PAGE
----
Many antique glasses are usually not recycled and are sometimes kept as collectibles.
Milk glass is one type that is valued for its aesthetics and historical worth.
Milk glass popped up around the 16th century in Venice, Italy and was popularly made into vases, cups, dishes and other items.
During the mid 1800’s, arsenic was added to the manufacturing regimen to give the glass a thick, white cloudy appearance. Many types around this time and after were made with flint glass which contained lead. Tin oxide was also sometimes used in the process, which turned the glass white due to a reaction with the compounds.
In the 19th century it was an item of valued possession, mainly reserved for the wealthy, and was more commonly referred to as opaque glass. It had a different appearance than the milky white, smooth types that are more familiar today. The glass back then was made in various colors, like blue, yellow, brown, black and pink. Types made around the 1930’s became subject to the harsh economic times and was produced differently, resulting in a glass that was not as sturdy.
Milk glass is made with fluoride, which gives a fluorescent hue. It was used in milk glass until around the 1960’s when it was discovered that its byproduct was leaking into waterways. Fluoride also oxidizes the molds in which they are made, therefore increasing their collectible value since the molds have to be replaced.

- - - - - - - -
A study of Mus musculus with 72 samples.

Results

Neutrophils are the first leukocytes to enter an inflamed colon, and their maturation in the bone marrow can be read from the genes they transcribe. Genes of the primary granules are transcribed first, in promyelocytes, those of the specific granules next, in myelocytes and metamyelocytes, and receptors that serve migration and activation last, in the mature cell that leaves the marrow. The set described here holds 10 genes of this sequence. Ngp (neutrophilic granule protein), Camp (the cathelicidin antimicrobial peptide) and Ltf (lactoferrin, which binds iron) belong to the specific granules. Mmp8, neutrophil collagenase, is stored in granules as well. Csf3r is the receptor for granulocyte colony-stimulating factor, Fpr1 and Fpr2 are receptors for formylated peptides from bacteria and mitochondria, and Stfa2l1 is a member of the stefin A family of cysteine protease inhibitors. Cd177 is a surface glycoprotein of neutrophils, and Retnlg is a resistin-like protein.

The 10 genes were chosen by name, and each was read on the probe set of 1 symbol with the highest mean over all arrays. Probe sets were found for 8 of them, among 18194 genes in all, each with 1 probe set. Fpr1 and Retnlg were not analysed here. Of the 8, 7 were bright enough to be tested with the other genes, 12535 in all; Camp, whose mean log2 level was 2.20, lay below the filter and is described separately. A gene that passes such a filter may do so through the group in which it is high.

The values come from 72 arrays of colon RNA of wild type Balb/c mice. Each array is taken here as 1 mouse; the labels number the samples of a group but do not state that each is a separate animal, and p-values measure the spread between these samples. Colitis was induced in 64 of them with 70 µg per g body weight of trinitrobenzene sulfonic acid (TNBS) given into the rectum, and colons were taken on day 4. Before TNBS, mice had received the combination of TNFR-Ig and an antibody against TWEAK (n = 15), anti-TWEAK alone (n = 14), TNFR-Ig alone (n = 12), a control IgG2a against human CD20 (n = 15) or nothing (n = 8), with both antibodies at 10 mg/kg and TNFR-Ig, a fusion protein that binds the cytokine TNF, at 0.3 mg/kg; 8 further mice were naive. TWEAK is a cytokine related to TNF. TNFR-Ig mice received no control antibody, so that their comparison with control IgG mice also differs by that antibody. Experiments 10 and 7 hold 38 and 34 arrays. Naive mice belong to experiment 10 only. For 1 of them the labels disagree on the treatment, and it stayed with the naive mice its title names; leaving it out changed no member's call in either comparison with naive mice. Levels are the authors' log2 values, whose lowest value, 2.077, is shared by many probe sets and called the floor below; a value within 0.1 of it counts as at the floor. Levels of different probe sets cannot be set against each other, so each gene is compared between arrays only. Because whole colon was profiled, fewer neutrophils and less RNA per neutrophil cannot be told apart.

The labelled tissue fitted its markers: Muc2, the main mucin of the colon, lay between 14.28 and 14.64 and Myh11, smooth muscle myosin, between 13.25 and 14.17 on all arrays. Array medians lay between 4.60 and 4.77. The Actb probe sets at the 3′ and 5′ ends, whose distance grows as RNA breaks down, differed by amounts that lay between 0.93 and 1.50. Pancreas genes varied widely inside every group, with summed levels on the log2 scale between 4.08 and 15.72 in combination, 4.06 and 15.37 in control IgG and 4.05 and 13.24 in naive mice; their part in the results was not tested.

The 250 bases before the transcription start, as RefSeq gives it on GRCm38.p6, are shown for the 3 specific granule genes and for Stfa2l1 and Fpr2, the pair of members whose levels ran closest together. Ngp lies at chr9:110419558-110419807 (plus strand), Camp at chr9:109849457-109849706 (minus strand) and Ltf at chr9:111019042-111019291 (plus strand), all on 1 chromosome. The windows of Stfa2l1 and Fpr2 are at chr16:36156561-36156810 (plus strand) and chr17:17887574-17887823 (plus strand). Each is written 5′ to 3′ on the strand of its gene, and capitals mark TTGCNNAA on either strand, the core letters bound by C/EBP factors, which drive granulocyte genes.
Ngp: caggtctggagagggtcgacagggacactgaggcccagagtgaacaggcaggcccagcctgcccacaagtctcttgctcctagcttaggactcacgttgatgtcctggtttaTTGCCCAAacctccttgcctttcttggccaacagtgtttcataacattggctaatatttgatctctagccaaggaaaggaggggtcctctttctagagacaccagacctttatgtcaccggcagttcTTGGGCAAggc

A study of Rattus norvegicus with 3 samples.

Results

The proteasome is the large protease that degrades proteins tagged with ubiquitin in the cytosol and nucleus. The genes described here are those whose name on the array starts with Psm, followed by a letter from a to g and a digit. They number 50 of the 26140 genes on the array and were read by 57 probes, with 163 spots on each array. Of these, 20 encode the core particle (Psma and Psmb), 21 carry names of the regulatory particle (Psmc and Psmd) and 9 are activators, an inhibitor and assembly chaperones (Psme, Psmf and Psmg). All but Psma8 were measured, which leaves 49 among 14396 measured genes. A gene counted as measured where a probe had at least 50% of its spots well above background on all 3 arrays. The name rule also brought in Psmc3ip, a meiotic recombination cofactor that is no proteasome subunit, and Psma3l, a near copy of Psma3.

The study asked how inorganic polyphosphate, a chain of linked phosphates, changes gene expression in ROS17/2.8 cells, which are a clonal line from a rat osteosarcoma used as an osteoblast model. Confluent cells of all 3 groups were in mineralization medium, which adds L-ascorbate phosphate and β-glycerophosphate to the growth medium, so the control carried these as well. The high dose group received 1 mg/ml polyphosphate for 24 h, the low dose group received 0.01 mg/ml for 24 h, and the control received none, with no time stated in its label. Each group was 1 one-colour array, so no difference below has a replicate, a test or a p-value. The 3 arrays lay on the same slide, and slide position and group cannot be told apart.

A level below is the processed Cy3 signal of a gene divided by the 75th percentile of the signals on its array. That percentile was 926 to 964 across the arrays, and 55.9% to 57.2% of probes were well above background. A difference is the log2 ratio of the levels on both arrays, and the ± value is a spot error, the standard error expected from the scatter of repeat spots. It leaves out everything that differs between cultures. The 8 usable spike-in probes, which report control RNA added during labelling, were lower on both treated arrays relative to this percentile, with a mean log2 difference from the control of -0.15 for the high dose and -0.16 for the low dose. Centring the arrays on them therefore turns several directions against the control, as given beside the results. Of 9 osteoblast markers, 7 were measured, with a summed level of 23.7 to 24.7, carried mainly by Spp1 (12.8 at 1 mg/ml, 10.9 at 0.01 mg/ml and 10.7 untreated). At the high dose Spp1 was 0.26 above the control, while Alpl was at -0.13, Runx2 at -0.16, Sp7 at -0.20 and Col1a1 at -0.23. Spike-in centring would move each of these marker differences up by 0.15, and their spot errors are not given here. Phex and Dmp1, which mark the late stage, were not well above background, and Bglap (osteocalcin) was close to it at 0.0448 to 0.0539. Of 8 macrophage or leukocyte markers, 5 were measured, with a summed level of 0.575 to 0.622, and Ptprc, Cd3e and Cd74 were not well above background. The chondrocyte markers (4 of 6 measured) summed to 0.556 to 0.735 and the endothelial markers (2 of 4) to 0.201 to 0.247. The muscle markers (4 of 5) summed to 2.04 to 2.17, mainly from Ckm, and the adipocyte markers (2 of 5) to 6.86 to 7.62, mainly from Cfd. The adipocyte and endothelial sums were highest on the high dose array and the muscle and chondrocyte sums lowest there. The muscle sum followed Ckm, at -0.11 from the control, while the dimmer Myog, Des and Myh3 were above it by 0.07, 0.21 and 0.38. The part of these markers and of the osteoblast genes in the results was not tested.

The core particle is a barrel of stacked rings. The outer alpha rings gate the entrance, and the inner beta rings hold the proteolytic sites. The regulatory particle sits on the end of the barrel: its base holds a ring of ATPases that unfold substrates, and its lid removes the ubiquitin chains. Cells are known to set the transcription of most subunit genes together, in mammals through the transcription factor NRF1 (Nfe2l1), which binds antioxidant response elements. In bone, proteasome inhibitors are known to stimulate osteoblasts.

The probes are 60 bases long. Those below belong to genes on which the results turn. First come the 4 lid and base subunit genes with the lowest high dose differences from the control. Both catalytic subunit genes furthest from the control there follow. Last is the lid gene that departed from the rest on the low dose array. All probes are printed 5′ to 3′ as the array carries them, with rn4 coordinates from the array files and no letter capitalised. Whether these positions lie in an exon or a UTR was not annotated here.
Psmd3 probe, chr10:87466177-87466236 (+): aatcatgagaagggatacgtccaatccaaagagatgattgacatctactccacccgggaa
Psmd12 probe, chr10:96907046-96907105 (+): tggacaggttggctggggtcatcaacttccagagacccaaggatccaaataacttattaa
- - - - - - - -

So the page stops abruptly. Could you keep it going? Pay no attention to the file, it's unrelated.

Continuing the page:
Milk glass was definitely not produced with environmental outcomes in mind. It is harder to find newly made authentic pieces, as most are replicas.
Some retail products have been made with milk glass or designed to have a similar look.
Milk glass containers can be reused to hold other items for an immediate display upgrade. Get organized and affix some labels for a clean presentation.
Homemade jewelry is a good way to use up any broken fragments.
Also, milk glass pieces can be interestingly showcased.
A unique find or a neat way to reuse and upcycle objects, milk glass designs bring a little vintage to the present.